To: Leon Kolchinsky <leonk@xxxxxxxxxxxxxxxxxxxxx>
Subject: Re: cache+barriers vs cache+nobarriers vs disabled cache+barriers vs disabled cache+nobarriers
From: Chris Wedgwood <cw@xxxxxxxx>
Date: Sun, 18 Mar 2007 14:33:13 -0700
Cc: "'Martin Steigerwald'" <Martin@xxxxxxxxxxxx>, linux-xfs@xxxxxxxxxxx
In-reply-to: <20070318101304.BAA2E193E9@mail.edu.haifa.ac.il>
References: <200703151339.36259.Martin@lichtvoll.de> <20070318101304.BAA2E193E9@mail.edu.haifa.ac.il>
Sender: xfs-bounce@xxxxxxxxxxx
On Sun, Mar 18, 2007 at 12:07:11PM +0200, Leon Kolchinsky wrote:

> My goal is to avoid filesystem corruption at any cost

doing what?  applications can still lose data if they're not careful

> (while trying to use fastest FS for linux) and according to the FAQ
> disabling write cache is the right way to do it.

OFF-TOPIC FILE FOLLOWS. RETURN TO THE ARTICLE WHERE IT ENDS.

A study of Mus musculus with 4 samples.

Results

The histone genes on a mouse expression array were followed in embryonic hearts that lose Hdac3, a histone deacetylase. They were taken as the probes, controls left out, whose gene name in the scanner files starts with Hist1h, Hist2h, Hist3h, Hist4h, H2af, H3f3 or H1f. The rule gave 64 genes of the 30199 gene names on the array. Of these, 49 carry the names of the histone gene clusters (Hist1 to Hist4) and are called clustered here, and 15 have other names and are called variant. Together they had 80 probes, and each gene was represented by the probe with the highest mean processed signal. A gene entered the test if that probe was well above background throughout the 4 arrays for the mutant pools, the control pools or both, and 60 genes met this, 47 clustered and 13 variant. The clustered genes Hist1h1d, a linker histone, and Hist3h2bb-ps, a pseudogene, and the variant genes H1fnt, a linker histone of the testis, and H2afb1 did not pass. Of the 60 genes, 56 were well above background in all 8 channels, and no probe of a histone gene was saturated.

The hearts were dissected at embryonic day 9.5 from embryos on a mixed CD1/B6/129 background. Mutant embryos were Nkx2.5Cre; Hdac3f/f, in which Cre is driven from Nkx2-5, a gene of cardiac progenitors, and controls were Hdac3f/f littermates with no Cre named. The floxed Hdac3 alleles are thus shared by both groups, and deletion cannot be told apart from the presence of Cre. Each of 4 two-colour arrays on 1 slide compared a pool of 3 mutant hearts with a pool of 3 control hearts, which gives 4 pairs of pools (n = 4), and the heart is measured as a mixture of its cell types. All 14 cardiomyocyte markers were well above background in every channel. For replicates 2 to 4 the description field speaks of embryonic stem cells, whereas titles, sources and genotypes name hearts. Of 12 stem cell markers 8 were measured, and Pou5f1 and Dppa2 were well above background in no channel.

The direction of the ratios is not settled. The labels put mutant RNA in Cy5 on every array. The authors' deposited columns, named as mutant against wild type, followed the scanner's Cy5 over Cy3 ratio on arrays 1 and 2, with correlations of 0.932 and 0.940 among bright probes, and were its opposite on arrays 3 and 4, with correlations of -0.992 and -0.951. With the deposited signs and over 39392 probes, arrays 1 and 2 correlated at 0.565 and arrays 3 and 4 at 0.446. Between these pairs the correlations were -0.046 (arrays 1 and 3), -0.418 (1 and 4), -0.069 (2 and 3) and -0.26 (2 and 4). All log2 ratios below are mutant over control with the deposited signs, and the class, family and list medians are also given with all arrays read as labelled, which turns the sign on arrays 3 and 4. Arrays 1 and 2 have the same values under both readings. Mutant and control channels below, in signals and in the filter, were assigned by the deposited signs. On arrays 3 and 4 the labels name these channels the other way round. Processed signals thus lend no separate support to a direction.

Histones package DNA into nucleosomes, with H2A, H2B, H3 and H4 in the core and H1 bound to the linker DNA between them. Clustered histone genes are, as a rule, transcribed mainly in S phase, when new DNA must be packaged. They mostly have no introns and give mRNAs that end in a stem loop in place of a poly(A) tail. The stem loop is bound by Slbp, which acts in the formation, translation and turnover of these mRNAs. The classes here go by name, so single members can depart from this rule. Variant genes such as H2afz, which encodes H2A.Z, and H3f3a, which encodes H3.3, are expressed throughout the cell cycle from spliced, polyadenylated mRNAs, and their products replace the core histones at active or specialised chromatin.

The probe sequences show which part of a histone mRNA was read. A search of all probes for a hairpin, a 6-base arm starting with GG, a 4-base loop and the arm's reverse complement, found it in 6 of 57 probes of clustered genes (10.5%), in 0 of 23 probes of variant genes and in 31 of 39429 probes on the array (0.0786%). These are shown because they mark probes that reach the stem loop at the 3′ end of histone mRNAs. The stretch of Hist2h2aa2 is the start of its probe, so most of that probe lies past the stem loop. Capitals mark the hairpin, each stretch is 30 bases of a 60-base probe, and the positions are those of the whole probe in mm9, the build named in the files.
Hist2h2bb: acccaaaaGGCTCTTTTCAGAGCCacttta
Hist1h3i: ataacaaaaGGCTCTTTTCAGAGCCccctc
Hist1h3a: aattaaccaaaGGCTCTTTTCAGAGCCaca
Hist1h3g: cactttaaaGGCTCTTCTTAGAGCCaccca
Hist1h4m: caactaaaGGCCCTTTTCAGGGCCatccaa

unless you applications are care, it's typical that reliability is
going to cost in terms of performance

> Power/Hardware failure may occur in-between the flushes (with write
> barrier enabled) so the safe way (I think) is to disable write
> cache.

i've heard (but nobody has been able to give conrete details on this)
that disabling the write-cache on modern drives will lessen their
lifespan, often considerably

with write barriers sane applications should be just as safe as when
you disable the write cache

> It's interesting if there is a significant drop in the performance
> with disabled disk "write cache" and XFS filesystem comparing to
> ext3+enabled "write cache".

that's expected, w/o the write-cache drives are typically a lot slower
for many loads (why else would they put a write cache in disks afetr

> Has anyone some statistics or tests comparing ext3+enabled write
> cache vs.  xfs+disabled write cache?

why would you compare those two?  why ext3 w/ caches enabled and xfs
w/ caches disabled?

anyhow, it depends on your load, for some loads ext3 is faster and
others xfs is faster

what access patterns are you expecting?